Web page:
The Science of Snow

When Mother Nature is no help

Man-made snow at Sun Valley. - JEN FORSYTH
Jen Forsyth
Man-made snow at Sun Valley.

To most skiers and snowboarders in the Inland Northwest, snowmaking isn't something they think about unless it's the difference between a mountain being open or closed — in January. Snowmaking for area mountains usually means getting the slopes ready for the upcoming season. During dry years, like this one, snowmaking is saving the season for one Idaho resort.

"We use snowmaking at Sun Valley to ensure great conditions. We like to be able to guarantee a great product," says Jack Sibbach, director of marketing and public relations for Sun Valley. He explains that every year, snowmaking is an important aspect of operations in Sun Valley: "We have four wells that we pull water from, 550 snowmaking guns between Baldy and Dollar Mountains, and are constantly looking at ways to achieve the level of snowmaking we have with more efficient systems." He adds, "We make snow for 640 acres on Baldy, with all green circle runs covered with snowmaking, and all of them are groomed as well." Sun Valley also makes snow for some of its black diamond runs, like Limelight, the signature run on the Warm Springs side.

Earlier this season, Sun Valley was in a drought. Since that time, it's been receiving natural snow consistently and is opening more acres and bowls as the season progresses.

"Snowmaking is important in average years, it is important in exceptional snow years, but it's even more important in low snow years," says Sibbach. "Snowmaking is important to the economy for the entire valley. We had a great Christmas. Hotels, restaurants and retailers all reported a successful holiday season, and we had no complaints on the quality of skiing. This shows how well the grooming and snowmaking departments are doing." Additionally, in nine of the past 10 years, snowmaking has ensured a Thanksgiving weekend opening for the mountain.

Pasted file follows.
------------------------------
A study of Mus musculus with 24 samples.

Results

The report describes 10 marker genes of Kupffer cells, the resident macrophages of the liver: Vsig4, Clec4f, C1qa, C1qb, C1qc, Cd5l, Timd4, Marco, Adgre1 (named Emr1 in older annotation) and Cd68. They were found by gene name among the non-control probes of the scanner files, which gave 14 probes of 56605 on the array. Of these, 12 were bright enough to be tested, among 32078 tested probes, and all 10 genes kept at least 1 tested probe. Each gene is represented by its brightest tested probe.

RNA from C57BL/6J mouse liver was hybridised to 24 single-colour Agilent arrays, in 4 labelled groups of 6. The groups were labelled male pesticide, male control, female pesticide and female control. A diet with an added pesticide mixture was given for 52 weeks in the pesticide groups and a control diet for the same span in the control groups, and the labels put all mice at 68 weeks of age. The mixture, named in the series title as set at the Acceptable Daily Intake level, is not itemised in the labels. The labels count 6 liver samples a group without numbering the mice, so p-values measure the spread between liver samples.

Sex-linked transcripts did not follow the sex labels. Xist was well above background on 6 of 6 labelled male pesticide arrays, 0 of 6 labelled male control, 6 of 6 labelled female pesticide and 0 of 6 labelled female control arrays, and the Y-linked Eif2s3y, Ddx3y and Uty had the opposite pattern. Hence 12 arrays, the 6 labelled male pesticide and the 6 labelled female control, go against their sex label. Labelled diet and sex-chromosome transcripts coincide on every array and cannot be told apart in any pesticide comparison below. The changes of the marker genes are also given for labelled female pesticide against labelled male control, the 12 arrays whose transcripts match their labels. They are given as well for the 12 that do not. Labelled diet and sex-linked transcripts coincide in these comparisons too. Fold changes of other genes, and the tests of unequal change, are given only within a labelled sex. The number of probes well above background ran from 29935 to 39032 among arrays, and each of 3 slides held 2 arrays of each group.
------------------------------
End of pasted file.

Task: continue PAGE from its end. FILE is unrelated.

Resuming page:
The immaculate runs that make Sun Valley famous are carefully crafted between the grooming and snowmaking crews and the ski patrol. Sun Valley boasts one of the largest computerized snowmaking systems in North America.

The well-equipped grooming fleet in Sun Valley features multiple winch cats and two "Beast" groomers with a tiller that is almost 2 feet wider than standard groomers, making for faster and more efficient grooming, enabling the team to groom more acres in less time. Ski patrollers play an integral part as well, as they're the ones on the hill, noting which areas and runs need snowmaking or grooming attention, which they report at the nightly operations meetings.

Snowmaking at Sun Valley is a science, not a secret. Visitors are welcome to sign up for a "Ride the Beast" tour, which runs Thursday, Friday and Saturday afternoons. The adventure begins with participants sitting in on the meeting with the groomers, snowmakers and ski patrollers before loading into the Beast and making their way to the top of Baldy. The tour takes riders on a grooming route and offers a great perspective on the amount of time and consideration devoted by Sun Valley's operations crew. According to Sibbach, tours of the snowmaking control room also are available, giving visitors to Sun Valley an inside look at what goes on behind the scenes to make skiing great — even when Mother Nature isn't cooperating and the snow's not falling from the sky. ♦

SVAS Craft Fair @ Spokane Valley Adventist School

Sun., Dec. 5, 10 a.m.-4 p.m.

Jen Forsyth

Jen Forsyth is the editor of the Snowlander series.